Dispelling the Top 10 Myths of IP Surveillance: Myth No. 10

Myth #10: Network Video Image Quality Is Not as Good as Analog

Image quality is one of the most important features of any camera. This is especially true in security, surveillance and remote monitoring applications, where lives and property may be at stake. While analog cameras are often thought to have higher image quality than network cameras, this is a myth. Advancements have been made in the past few years that have allowed network cameras' image quality to equal - and in some cases surpass - that of analog technology.

When comparing network and analog cameras, it is best to look at professional, high-quality network cameras. Professional network cameras should not be confused with lower-end network or Web cameras used for Web attraction applications. These cameras cannot deliver the same image quality required for security and surveillance applications. However, even in professional network cameras, image quality can vary considerably and is dependent on several factors such as the choice of optics and image sensors.

Image Sensors

A good image sensor and optics are the most important factors in providing high quality images. Network cameras now have image sensors and optics that are the same as or better than those used in analog security cameras, and network cameras now can make use of progressive scan and megapixel sensors that are not available to analog technology.

The image sensor of the camera is responsible for transforming light into electrical signals. When building a camera, there are two possible technologies for the camera's image sensor: a Charged Coupled Device (CCD) or a Complementary Metal Oxide Semiconductor (CMOS). Analog cameras utilize only CCD sensors, while network cameras can be produced with both types of sensors. This provides further flexibility for optimizing the network camera to fit the installation.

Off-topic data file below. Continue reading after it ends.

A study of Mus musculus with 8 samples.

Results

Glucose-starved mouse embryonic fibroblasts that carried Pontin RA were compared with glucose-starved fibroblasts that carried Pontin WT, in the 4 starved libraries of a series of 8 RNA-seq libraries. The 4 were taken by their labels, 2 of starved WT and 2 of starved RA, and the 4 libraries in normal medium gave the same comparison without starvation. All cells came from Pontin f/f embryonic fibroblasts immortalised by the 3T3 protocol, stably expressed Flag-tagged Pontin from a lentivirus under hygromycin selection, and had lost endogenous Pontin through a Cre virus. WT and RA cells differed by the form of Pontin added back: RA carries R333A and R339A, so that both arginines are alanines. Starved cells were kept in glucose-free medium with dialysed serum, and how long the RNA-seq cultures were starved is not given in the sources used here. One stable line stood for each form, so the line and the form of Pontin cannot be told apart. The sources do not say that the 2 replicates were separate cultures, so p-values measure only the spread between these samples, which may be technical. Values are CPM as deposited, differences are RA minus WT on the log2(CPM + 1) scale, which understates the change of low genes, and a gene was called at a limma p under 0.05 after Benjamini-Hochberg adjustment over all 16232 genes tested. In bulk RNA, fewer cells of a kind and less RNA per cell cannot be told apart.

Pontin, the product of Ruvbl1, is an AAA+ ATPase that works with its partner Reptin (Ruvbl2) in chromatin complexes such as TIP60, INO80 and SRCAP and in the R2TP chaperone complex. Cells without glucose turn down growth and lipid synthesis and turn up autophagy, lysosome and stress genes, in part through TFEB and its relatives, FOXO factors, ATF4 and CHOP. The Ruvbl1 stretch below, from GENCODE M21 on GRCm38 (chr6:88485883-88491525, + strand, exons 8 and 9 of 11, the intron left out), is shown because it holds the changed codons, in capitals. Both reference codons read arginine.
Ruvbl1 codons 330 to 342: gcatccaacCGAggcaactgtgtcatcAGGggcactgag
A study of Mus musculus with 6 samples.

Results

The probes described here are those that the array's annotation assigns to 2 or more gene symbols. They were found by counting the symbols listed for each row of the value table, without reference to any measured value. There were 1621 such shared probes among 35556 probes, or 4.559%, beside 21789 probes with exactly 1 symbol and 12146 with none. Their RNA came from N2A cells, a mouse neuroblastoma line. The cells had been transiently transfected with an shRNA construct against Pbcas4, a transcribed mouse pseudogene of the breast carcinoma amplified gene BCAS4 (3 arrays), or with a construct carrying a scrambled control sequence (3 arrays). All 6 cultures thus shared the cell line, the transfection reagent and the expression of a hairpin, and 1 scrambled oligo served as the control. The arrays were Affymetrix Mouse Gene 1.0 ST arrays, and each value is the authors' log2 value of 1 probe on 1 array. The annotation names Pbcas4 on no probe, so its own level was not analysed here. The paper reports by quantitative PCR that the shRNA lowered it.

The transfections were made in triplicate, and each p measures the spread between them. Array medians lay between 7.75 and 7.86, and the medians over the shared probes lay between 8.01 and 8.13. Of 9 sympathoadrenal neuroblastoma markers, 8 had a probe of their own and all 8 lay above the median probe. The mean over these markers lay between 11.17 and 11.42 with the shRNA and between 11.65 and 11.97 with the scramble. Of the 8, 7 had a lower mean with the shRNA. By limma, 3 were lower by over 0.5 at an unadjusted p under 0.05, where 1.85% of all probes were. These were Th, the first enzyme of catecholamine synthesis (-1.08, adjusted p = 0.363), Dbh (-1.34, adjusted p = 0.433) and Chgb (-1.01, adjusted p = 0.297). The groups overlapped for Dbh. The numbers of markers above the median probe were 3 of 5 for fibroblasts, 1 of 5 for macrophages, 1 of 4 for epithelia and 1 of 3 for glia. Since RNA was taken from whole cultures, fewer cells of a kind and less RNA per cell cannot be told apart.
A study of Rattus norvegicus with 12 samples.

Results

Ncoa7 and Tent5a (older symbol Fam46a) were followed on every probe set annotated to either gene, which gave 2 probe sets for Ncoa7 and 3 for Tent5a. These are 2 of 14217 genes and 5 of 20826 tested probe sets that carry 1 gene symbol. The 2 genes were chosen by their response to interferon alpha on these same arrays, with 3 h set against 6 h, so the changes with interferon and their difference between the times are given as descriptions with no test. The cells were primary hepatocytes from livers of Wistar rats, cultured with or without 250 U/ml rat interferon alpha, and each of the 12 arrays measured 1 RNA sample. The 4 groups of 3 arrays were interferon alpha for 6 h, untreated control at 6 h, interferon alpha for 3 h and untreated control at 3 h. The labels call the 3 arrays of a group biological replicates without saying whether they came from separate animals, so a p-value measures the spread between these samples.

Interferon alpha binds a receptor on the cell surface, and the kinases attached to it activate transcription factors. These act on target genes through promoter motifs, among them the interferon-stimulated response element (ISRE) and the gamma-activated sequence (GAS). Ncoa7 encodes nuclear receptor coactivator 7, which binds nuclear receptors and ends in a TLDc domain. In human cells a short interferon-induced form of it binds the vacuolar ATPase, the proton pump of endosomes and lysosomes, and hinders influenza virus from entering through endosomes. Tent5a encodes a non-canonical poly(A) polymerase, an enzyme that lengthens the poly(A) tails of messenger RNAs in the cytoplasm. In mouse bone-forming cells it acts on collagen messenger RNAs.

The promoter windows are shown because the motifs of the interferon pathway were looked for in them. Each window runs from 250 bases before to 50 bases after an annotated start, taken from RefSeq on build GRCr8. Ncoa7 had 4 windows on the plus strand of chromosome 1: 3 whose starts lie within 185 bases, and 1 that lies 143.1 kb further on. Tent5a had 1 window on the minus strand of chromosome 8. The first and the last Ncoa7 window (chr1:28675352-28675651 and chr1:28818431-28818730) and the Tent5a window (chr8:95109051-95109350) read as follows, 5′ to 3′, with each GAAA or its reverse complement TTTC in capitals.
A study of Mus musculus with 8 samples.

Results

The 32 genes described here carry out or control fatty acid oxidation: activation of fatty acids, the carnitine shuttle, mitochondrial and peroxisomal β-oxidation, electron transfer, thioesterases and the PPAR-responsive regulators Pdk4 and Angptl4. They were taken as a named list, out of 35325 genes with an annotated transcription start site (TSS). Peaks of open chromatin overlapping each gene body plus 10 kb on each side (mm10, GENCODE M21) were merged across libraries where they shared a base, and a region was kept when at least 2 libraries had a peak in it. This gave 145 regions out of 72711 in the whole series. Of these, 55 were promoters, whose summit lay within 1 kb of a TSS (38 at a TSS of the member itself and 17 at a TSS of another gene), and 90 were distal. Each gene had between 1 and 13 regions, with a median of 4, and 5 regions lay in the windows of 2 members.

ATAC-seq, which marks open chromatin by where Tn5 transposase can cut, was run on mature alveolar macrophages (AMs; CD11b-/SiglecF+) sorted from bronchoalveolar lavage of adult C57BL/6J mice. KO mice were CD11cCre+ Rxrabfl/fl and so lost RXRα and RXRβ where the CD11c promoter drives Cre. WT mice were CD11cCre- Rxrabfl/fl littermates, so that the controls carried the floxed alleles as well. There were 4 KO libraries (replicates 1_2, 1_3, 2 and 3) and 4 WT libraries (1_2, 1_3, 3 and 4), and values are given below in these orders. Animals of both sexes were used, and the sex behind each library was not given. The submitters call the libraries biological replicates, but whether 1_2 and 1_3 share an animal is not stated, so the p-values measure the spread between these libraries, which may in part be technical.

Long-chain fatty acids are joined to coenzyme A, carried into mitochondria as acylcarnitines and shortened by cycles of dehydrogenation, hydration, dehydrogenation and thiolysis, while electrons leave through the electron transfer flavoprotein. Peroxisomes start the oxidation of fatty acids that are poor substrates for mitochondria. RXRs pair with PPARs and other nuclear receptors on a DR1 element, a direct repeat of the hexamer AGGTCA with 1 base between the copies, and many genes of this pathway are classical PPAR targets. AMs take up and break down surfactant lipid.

CCD sensors use a technology developed specifically for the camera industry. They are more light sensitive than other sensors, which means they produce better images in low-light conditions. CCD sensors typically are more expensive and more complex to incorporate into a camera because they produce an analog signal that needs to be converted into a digital signal.

CMOS sensors are based on a standard technology that is already used extensively in memory chips, such as those inside of PCs. Recent advances in CMOS sensors bring them closer to their CCD counterparts in terms of image quality. CMOS sensors tend to cost less than CCD sensors and contain all the components needed to generate digital signals. Eliminating the digital conversion process has also made it possible to produce smaller network cameras because fewer components are required.

The Interlacing Issue

At a high 4CIF resolution, the clarity of rapidly moving objects - such as a person running or speeding car - has long been problematic in security and surveillance applications. In an analog environment, a rapidly moving object will appear blurry. This is because an analog video signal, even when connected to a DVR, interlaces to create the images. Interlaced images use techniques developed for analog TV monitor displays, made up of visible horizontal lines across a standard TV screen. Interlacing divides these into odd and even lines and then alternately refreshes them. The slight delay between odd and even line refreshes creates some distortion - only half the lines keep up with the moving image while the other half waits to be refreshed. This causes moving objects to blur (see Illustration 1).

A network camera, on the other hand, uses progressive scan technology to capture moving objects. Progressive scan captures the whole image at one time, and scans the entire picture line by line every 1/16th of a second. This eliminates the delay between odd and even line refreshes and prevents the picture from being split into separate fields. Images from network cameras are also displayed on computer monitors. Unlike TV screens, computer monitors do not interlace. They display images one line at a time in perfect order, so there is virtually no "flickering."